If you want to delve further into the history of the Old Croton Aqueduct, which lies just below the trail that winds through these river towns, head to a new exhibit that opened recently at the Keeper’s House Visitor Center on the trail in Dobbs Ferry.
Middle School 15 is 2 blocks from Aqueduct Avenue in The Bronx. Teachers Shawanda Weems, along with co-teacher Mr. Mozoub, discovered The Friends Of The Old Croton Aqueduct 4 years ago; ever since they’ve brought their summer class to Washington Heights.
This year her kids crossed the High Bridge to learn the history of the rooftop water towers, and the Old Croton Aqueduct. They stepped on Rucker Park’s basketball court, toured Morris Jumel Mansion and Sugar Hill Museum Of Art & Storytelling, and paid respects at Mayor Ed Koch’s and John J Audubon’s graves.
On July 13, excited neighbors, youth groups, “parkies,” and city and state officials attended a groundbreaking for the NYC Parks Department’s $10 million project to renovate Adventure and Sunken playgrounds in Manhattan’s Highbridge Park. Adventure Playground is where the paved path to the Manhattan end of the High Bridge begins; adjacent Sunken Playground provides ADA-compatible access to that path.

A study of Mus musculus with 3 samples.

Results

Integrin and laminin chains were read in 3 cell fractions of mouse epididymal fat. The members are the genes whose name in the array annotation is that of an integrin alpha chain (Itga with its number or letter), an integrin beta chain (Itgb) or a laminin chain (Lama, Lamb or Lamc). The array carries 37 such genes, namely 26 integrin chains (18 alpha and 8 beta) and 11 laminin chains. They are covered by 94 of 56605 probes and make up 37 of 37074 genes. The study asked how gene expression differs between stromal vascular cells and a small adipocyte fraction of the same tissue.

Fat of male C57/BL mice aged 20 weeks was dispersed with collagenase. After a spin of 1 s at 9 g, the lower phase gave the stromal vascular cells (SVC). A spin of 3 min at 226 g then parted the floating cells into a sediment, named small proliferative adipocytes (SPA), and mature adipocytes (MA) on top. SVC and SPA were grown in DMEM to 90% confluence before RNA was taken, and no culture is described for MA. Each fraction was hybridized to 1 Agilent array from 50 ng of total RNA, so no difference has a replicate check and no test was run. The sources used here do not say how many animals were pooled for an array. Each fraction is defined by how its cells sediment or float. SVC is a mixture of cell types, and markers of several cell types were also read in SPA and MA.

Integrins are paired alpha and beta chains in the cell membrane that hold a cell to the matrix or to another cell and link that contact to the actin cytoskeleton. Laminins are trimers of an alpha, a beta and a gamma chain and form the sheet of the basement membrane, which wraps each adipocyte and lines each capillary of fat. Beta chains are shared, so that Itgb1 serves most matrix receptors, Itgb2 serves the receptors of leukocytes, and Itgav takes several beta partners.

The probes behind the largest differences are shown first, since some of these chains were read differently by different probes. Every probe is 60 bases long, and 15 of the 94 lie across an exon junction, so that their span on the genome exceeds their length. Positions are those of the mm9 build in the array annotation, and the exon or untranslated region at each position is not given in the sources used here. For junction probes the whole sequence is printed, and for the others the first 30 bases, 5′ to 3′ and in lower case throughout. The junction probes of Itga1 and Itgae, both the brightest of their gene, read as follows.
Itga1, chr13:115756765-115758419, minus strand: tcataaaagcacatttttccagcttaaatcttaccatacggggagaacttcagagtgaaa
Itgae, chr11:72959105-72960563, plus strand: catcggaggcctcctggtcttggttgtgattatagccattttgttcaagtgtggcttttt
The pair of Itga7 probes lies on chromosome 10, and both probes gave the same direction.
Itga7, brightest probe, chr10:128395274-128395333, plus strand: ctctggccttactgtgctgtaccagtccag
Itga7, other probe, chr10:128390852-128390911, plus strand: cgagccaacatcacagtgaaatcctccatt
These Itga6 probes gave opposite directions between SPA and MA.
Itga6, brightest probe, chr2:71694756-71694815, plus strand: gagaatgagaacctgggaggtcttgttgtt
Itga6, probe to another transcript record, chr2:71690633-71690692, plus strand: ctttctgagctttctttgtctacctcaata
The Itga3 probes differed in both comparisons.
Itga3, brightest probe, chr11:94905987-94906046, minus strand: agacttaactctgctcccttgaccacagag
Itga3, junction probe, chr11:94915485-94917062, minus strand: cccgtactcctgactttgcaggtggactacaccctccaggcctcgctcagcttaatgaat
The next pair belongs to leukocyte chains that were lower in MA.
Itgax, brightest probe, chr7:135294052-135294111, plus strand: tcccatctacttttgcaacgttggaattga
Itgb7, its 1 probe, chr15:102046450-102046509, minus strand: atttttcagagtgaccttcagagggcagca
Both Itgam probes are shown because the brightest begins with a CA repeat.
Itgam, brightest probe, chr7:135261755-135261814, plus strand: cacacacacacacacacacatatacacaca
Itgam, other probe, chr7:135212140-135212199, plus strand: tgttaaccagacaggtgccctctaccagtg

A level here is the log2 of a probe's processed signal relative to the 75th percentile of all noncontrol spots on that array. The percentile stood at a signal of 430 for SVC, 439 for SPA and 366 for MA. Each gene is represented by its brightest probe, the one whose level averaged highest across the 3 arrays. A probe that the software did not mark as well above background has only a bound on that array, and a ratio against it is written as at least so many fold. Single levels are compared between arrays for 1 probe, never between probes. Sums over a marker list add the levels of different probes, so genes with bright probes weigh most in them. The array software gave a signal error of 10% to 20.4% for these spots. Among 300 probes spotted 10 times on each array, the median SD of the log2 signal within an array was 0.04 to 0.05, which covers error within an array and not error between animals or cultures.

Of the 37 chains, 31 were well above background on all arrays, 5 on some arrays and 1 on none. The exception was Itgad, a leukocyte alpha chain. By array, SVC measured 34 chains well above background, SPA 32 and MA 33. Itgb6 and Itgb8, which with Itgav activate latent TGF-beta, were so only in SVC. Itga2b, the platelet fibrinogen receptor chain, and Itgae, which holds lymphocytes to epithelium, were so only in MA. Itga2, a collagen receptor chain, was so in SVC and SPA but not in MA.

As co-head of Walks & Tours for the Friends of the Old Croton Aqueduct and a docent at the Keeper’s House Visitor Center in Dobbs Ferry, I am frequently asked the same question: What would be a good walk or tour along the 26-mile trail that runs through these Rivertowns (the Old Croton Aqueduct State Historic Park)? Or perhaps along the 15-mile New York City route, which ends at the main New York Public Library (former site of the Murray Hill Distributing Reservoir)?
On this joint walk with the Lenoir Nature Preserve’s Curator, Sara Cavanaugh, along the Old Croton Aqueduct met at the Lenoir Nature Preserve, 19 Dudley St., Yonkers, and enjoyed an easy 6-mile loop walk along the Aqueduct Trail, with time spent in the Preserve and on the Trail, exploring history and nature.
Everyone has favorite spots on the Aqueduct trail, like Irvington’s Octagon House, or near the dam, or over Ossining’s Double Arch Bridge. But to a true wanderer, the Ossining section offers real variety. Take the Sing Sing Kill Greenway, a charming dash of watery nature right downtown.